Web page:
Reviewed by Bev Vincent, 8/9/2016

Tolstoy once said that each unhappy family is unhappy in its own way. The Walczak family of Philadelphia has been mostly unhappy for the past fifty years, ever since officer Stan Walczak and his partner George Wildey were gunned down in a working class bar while waiting to meet with a snitch. The murders were never solved, and the crime inspired subsequent generations of Walczaks to become involved with law enforcement.

Revolver is set in three time periods: 1965, when the murders took place, 1995, when Stan's son Jim is a homicide detective and 2015, when Jim's adopted daughter Audrey is studying to be a CSI tech. Chapters cycle among these three timeframes like the cylinder on a revolver, allowing the different stories to develop in parallel. 

In 1965, Philadelphia was rife with racial tensions and riots. Stan Walczak gets a new, black partner after his previous partner is injured by a burning sofa thrown at the officers from a rooftop. Wildey is determined to find out who was responsible for the assault, taking the two beat cops on unauthorized stakeouts far from their assignments. Rumors spread of a plan to eradicate the city's blacks through tainted drugs and false flag operations. There are wolves, Wildey claims, and they are now running things. Walczak and Wildey are sticking their noses into dangerous territory, upsetting some very important and influential people.

In the 1995 story, Jim investigates the violent murder of a fact-checker for a trendy magazine in an affluent Philadelphia neighborhood. The case has an easy resolution and one that is far more complex, forcing Jim to examine his dedication to his profession and his family in equal measure. He's having a hard time striking a balance between work and family as it is. At the same time, he receives the unwelcome news that the man generally believed to be responsible for his father's murder has been released from prison, having served his time for another crime. Jim is determined to confront the man he thinks is the only person who knows exactly what happened in the bar that day and bring him to justice.

In 2015, Audrey returns to Philly from her self-imposed exile in Houston, where she is doing badly at school and in life in general. She has been estranged from her now-divorced parents and two older brothers for several years. She has copious tattoos, is on the verge of flunking out, and has a penchant for drinking Bloody Marys early in the day. She's in good company: her father has a serious drinking problem, and her brothers, both cops, are following him down the same path.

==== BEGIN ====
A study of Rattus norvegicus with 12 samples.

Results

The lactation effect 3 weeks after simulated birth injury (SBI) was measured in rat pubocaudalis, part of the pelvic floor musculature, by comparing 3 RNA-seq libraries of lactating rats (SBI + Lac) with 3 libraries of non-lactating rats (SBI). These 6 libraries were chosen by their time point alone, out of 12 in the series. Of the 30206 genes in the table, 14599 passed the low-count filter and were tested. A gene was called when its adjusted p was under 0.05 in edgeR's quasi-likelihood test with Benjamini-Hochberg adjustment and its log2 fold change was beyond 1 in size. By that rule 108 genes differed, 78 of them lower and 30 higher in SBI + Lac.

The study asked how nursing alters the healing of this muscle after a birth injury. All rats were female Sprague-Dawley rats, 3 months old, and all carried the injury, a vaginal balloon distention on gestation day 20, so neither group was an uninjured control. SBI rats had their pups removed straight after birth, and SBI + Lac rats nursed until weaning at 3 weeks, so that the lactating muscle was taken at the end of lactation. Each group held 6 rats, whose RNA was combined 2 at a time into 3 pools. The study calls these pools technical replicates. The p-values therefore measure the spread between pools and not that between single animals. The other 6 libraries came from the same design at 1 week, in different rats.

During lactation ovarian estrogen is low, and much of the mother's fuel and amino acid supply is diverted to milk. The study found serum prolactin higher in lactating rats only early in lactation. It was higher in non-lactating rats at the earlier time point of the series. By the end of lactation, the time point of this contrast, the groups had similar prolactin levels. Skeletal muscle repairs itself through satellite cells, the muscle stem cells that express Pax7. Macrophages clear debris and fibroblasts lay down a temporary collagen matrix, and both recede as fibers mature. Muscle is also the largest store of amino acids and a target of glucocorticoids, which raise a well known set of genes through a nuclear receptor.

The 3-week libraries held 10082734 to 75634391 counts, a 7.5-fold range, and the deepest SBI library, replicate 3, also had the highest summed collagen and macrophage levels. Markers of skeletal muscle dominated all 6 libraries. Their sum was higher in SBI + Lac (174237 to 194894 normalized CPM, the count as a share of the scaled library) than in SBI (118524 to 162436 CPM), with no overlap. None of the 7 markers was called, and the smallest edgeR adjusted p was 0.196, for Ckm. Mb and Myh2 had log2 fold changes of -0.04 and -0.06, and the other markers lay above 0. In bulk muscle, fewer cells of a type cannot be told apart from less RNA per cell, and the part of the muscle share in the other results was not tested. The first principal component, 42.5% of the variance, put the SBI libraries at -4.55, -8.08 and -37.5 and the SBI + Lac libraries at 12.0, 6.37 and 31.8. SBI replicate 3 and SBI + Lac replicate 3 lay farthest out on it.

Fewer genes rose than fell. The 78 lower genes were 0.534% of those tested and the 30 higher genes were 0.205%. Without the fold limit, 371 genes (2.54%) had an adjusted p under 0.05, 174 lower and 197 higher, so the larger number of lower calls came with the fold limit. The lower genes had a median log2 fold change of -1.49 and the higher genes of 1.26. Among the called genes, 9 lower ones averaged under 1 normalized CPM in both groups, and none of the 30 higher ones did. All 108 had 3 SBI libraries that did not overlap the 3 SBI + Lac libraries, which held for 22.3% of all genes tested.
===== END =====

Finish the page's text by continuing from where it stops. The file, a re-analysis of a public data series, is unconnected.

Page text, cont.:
Her return is inspired by a fiftieth anniversary ceremony paying tribute to her grandfather's murder. She plans to get in and out quickly, but is inspired to apply modern forensic science to the unsolved crime, much to everyone's chagrin. No one wants her in Philadelphia and, more to the point, no one wants the old wound re-opened. After half a century, there are still people invested in having the case remain unsolved. She's an agent of chaos, a real firecracker, the book's shining star. In addition to the usual sources of information, she follows an edict from a John Cheever essay, which advocates simply going to the places where the story happened. She finds an unlikely ally in the guy who makes pizzas at the restaurant that now occupies the building where the shootings occurred. Her persistence eventually pays off, though the answers she gets lead in troubling directions. Her family is much more complicated than most people realize. 

In the grand tradition of Ross Macdonald, Audrey learns how the tentacles of the past and long-held secrets influence and infect everything, including the murder her father couldn't crack twenty years earlier. Swierczynski keeps this lean, mean novel moving along with short chapters and tantalizing hooks and clues. Readers navigate what could be a labyrinthine plot effortlessly with his self-assured control over how he doles out details and reveals long-hidden truths.